For the last two years, a newly set-up REMONDIS Trade and Sales unit has been taking a closer look at the paper being discarded in paper bins so that the company can provide its customers in the paper industry with a supply of secondary raw materials that are always of the same high quality. The team has, therefore, been systematically checking the composition of the paper collected from both households and key customers as well as the amount of outthrow, i.e. materials that do not belong in the bin. At the same time, plant operators and truck drivers are being given the training they need so that it is easier for them to identify and remove outthrow.
Current developments in both online retailing and the packaging industry are impacting on paper recycling businesses. Their response: to invest in even better quality management systems
Jannis Lammerskitten, a member of REMONDIS Trade and Sales’ quality assurance team
The team, however, does not have to take the compacted bales of mixed materials apart to check the quality. A measuring device – the paper bale sensor – is able to do this work for them. Other methods are used to determine quality levels as well. Gravimetric measurements, for example, are taken to examine category 1.11 newsprint, as the recycled material delivered for this type of paper normally arrives as a bulk material.
If the findings of these measurements reveal that the amount of outthrow in the paper and cardboard is too high in a certain region, then the team contacts the local REMONDIS branch there to look for ways to collaborate with the respective local authorities to improve the quality of their paper collections. The most important factor here, however, is training REMONDIS’ own employees. Which is why Jannis Lammerskitten from REMONDIS Trade and Sales’ quality assurance team has been promoting their courses: “We ourselves can influence the quality of the collected materials. Each member of staff who is aware of this issue is an added bonus.”
Jannis Lammerskitten and Michael Cox both work in quality assurance at REMONDIS Trade and Sales GmbH. They keep a trained eye on events to ensure old paper can be transformed into a high quality recycled raw material
There is, however, potential to improve quality at the other end of the recycling chain as well. The customers from the paper industry have different requirements regarding the purity levels of the secondary raw materials. The quality management team is, therefore, collaborating with them to come up with a mutual solution regarding outthrow materials as well as to make the process more transparent. The team sees itself as being a facilitator of best practice solutions based on their wealth of industry experience.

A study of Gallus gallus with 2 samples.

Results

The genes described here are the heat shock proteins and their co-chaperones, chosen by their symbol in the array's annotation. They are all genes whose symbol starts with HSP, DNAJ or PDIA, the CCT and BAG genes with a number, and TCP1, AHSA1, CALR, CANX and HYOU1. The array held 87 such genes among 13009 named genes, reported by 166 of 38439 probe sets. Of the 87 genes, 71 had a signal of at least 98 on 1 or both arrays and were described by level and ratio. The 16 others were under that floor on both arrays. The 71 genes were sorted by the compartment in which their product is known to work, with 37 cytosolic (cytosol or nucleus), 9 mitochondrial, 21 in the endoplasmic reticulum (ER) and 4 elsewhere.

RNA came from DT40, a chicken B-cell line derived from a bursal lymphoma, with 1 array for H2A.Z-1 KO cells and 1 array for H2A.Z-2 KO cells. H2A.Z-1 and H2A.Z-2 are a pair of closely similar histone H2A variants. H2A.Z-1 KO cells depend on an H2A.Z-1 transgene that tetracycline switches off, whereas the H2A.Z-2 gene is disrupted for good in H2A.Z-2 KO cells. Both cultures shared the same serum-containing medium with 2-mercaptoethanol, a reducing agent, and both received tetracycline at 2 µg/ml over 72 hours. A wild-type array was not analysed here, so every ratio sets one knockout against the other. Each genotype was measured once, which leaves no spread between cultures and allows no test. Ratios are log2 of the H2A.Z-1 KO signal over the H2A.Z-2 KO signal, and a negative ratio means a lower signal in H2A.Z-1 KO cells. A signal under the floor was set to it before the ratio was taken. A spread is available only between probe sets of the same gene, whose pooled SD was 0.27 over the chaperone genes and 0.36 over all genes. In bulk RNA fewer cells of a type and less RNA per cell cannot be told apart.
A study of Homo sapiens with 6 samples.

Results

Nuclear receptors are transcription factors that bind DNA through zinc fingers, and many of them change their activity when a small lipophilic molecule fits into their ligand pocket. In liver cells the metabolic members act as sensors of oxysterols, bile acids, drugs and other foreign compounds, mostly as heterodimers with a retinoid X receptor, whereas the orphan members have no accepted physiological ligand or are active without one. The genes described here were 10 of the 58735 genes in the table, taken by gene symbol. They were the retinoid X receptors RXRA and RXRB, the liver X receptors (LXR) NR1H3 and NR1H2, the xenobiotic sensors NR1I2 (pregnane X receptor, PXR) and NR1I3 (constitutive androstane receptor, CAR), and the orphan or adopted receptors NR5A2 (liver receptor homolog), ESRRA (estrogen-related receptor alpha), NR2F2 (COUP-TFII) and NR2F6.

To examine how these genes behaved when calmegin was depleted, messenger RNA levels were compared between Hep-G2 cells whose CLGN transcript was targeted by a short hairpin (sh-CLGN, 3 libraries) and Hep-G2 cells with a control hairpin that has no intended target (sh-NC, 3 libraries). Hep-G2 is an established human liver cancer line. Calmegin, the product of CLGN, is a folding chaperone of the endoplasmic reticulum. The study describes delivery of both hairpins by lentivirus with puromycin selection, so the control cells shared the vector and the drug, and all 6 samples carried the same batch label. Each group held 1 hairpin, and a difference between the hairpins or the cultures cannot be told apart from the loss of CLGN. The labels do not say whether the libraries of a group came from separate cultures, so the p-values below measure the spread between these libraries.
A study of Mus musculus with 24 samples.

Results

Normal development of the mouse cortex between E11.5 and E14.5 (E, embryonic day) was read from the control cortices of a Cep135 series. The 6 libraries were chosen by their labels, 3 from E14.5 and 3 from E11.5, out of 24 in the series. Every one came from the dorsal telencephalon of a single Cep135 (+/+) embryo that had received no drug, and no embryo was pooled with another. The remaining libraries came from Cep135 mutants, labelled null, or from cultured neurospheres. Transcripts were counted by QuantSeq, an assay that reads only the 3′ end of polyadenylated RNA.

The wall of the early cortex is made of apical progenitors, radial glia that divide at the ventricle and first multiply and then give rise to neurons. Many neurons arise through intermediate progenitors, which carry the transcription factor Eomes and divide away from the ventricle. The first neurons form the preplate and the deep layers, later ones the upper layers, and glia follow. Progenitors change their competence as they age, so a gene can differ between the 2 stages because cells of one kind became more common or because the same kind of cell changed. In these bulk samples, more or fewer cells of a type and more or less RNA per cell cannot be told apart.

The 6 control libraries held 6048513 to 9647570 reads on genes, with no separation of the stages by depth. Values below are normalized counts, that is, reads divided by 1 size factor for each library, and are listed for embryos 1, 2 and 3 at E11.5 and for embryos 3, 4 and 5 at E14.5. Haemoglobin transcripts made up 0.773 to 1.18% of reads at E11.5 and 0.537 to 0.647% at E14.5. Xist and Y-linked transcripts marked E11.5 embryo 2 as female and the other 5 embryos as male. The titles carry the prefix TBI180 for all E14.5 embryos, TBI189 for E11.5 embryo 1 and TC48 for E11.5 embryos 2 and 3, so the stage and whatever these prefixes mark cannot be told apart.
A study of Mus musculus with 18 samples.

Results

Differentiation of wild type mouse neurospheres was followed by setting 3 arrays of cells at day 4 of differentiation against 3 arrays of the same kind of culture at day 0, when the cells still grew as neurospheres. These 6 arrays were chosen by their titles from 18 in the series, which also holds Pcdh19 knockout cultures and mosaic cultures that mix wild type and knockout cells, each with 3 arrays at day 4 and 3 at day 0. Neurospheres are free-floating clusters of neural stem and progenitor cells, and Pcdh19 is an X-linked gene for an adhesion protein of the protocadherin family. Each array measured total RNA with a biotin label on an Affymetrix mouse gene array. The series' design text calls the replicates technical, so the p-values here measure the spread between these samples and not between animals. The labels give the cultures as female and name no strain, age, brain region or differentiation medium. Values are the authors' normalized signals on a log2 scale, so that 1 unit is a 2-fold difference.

This also applies to the new, innovative types of packaging such as functional barrier paper, water-resistant paper and thermopaper. Recyclers must first work out whether these materials can actually be recycled. At the end of the day, looking at the technical feasibility of recycling these types of paper, the question is: is this old paper or residual waste?
If the changing composition of old paper becomes a permanent issue, then this development will not only create a challenge for the companies involved. It will also put the whole successful recycling process at risk. As the volumes of high quality paper collected decrease so, too, do the number of recycling options available to the companies. Michael Cox from REMONDIS Trade and Sales’ quality assurance team stressed: “Thanks to our in-depth know-how that we have gathered over the years, the paper industry sees us as being an equal partner – a partner, who can help them find suitable solutions. This means we can push forward ideas that will help ensure paper can continue to be effectively recycled.”